David Grann is a staff writer at The New Yorker. He has written about everything from New York City’s antiquated water tunnels to the hunt for the giant squid to the presidential campaign. The Lost City of Z: A Tale of Deadly Obsession in the Amazon, published by Doubleday, is Grann’s first book and is being developed into a movie by Brad Pitt’s Plan B production company and Paramount Pictures. Grann’s stories have appeared in the New York Times Magazine, The Atlantic, the Washington Post, the Boston Globe, and the Wall Street Journal; they have also been anthologized in collections such as The Best American Crime Writing and The Best American Sports Writing. He holds master’s degrees in international relations from the Fletcher School of Law & Diplomacy as well as in creative writing from Boston University. After graduating from Connecticut College in 1989, he received a Thomas Watson Fellowship and did research in Mexico, where he began his career in journalism. He currently lives in New York with his wife and two children.
How did you get started traveling?
Ever since I was young, I’ve been drawn to adventure tales, ones that had what Rider Haggard called “the grip.” The first stories I remember being told were about my grandfather Monya. In his seventies at the time, and sick with Parkinson’s disease, he would sit trembling on our porch in Connecticut, looking vacantly toward the horizon. My grandmother, meanwhile, would recount memories of his adventures. She told me that he had been a Russian furrier and a freelance National Geographic photographer, who, in the 1920s, was one of the few western cameramen allowed into various parts of China and Tibet. (Some relatives suspect that he was a spy, though we have never found any evidence to support such a theory.) My grandmother recalled how, not long before their wedding, Monya went to India to purchase some prized furs. Weeks went by without word from him. Finally, a crumpled envelope arrived in the mail. There was nothing inside but a smudged photograph: it showed Monya lying contorted and pale under a mosquito net, wracked with malaria. He eventually returned, but because he was still convalescing the wedding took place at a hospital. “I knew then I was in for it,” my grandmother said. She told me that Monya became a professional motorcycle racer and when I gave her a skeptical look, she unwrapped a handkerchief, revealing one of his gold medals. These stories, along with photographs of his journeys, always filled my imagination, and gave me some sense that there was some other place to go. After college, I spent a year on a research fellowship in Mexico and have been traveling ever since.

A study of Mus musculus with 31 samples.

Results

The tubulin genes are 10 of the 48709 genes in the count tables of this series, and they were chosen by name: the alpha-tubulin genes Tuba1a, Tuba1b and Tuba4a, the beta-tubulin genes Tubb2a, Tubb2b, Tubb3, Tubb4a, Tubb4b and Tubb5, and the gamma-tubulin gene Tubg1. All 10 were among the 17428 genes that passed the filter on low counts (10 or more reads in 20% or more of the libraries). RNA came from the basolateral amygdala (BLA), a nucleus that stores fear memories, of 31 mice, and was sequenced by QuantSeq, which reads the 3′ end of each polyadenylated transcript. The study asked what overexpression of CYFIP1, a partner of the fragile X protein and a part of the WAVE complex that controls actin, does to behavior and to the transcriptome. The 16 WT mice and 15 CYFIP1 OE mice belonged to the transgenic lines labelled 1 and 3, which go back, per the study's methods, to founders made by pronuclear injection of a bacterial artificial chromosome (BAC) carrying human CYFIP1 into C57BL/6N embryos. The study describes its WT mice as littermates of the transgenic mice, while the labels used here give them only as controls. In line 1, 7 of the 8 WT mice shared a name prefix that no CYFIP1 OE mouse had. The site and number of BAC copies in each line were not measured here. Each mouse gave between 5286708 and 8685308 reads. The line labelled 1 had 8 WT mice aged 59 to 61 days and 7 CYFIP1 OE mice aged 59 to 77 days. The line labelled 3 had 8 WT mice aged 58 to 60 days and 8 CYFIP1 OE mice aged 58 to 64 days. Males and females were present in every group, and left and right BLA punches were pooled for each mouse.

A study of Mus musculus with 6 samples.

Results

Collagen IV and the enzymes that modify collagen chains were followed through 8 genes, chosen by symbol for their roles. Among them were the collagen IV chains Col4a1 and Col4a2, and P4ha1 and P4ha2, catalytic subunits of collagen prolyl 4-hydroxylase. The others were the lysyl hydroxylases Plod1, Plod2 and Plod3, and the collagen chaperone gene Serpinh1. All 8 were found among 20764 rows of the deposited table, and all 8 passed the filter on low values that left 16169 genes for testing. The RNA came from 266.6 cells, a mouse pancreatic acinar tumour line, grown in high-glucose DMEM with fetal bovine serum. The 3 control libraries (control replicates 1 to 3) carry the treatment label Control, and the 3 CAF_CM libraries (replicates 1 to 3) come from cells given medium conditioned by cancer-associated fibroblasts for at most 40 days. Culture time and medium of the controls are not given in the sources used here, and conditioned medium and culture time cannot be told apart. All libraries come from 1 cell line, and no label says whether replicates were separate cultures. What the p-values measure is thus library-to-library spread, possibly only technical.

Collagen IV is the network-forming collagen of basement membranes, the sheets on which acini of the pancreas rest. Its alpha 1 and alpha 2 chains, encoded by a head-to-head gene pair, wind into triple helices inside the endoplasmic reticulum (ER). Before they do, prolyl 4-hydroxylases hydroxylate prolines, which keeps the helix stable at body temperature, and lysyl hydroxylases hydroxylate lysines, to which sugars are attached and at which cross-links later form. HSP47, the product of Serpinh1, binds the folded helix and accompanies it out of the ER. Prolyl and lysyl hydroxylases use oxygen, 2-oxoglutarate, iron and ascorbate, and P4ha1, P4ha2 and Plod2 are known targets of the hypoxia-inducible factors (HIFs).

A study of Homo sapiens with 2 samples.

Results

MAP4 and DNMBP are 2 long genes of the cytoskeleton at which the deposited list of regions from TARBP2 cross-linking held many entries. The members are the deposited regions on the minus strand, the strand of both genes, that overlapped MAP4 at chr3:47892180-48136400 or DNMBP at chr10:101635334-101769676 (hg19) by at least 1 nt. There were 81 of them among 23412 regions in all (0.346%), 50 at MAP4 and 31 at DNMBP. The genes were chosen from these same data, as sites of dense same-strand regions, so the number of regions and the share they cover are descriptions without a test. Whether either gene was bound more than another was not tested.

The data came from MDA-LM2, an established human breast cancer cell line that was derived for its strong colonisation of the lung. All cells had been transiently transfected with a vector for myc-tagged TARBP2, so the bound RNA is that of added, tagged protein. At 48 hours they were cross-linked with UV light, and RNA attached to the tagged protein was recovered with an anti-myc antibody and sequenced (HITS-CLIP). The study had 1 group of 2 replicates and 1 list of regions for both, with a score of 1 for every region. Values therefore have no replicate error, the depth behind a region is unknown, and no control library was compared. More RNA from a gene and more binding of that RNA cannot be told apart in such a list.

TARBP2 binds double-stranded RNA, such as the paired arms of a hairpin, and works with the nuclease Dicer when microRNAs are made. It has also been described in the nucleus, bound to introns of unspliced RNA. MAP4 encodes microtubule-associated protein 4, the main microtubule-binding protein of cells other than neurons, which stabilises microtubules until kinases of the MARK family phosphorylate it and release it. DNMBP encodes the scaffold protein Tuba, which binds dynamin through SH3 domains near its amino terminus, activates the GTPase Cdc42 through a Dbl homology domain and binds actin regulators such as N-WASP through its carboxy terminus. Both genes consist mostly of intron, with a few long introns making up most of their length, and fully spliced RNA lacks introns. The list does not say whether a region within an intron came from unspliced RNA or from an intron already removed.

How did you get started writing?
My interest in traveling and writing were always of a piece. Just as I loved to hear stories that put you in “the grip,” I wanted to tell them. When I lived in Mexico, I began writing freelance travel articles for a local magazine, even though it paid only a few pesos.
What do you consider your first “break” as a writer?
When I got my first full-time job in journalism at The Hill newspaper in 1994. I still didn’t have much journalism experience and was hired as a copy editor. The paper had all the wonderful energy and chaos of a start-up enterprise, and before long I was executive editor. After that I went to The New Republic. I was supposed to be covering Congress, but I kept wandering off my beat to investigate stories about con men, mobsters, and spies.
As a traveler and fact/story gatherer, what is your biggest challenge on the road?
When I’m researching a story like The Lost City of Z, safety and logistics are inevitably an enormous challenge. How will I trek through the jungle? How will I make contact with Amazonian tribes? Yet ultimately the greatest challenge in every story — whether I’m searching for a lost city or chasing the giant squid — is to uncover some deeper truth about the subject.
What is your biggest challenge in the research and writing process?
For me finding the right story idea is often the hardest part. If I can find a subject that is compelling enough — indeed, that consumes me with obsession—then it’s a lot easier to overcome all the other obstacles, from coping with logistical nightmares to persuading people to talk.
Have you ever done other work to make ends meet?
Early on, when I wasn’t sure how to be a professional writer, I did lots of other things. I tried teaching junior high school and applied for various research fellowships. But ever since I got my first full-time job at The Hill, I’ve been pretty lucky to make a living doing what I love, if sometimes with a little help from my wife.
What authors or books might you recommend and/or have influenced you?
When I first read Gay Talese and Joan Didion, I realized the possibilities of narrative nonfiction. Their journalism is grounded in facts but is about more than simply recording them; at its best, their work rises to literature.
What advice and/or warnings would you give to someone who is considering going into literary journalism or travel writing?
Well, in this current economic climate it’s all a bit daunting, as fewer places have the resources to fund travel and long-term reporting. But I still believe — perhaps naively — that there will always be a place for that kind of work. And indeed as less people do it I think there will be a greater hunger for it.
What is the biggest reward of life as an itinerant writer?
I’ve had the opportunity to chase giant squid in the middle of a squall off the coast of New Zealand, sit across from members of the Aryan Brotherhood in maximum security prisons, journey nearly a thousand feet beneath the streets of Manhattan with tunnel diggers (“sandhogs”), and trek through the Amazon looking for a lost city. Otherwise, I would have led an awfully boring life.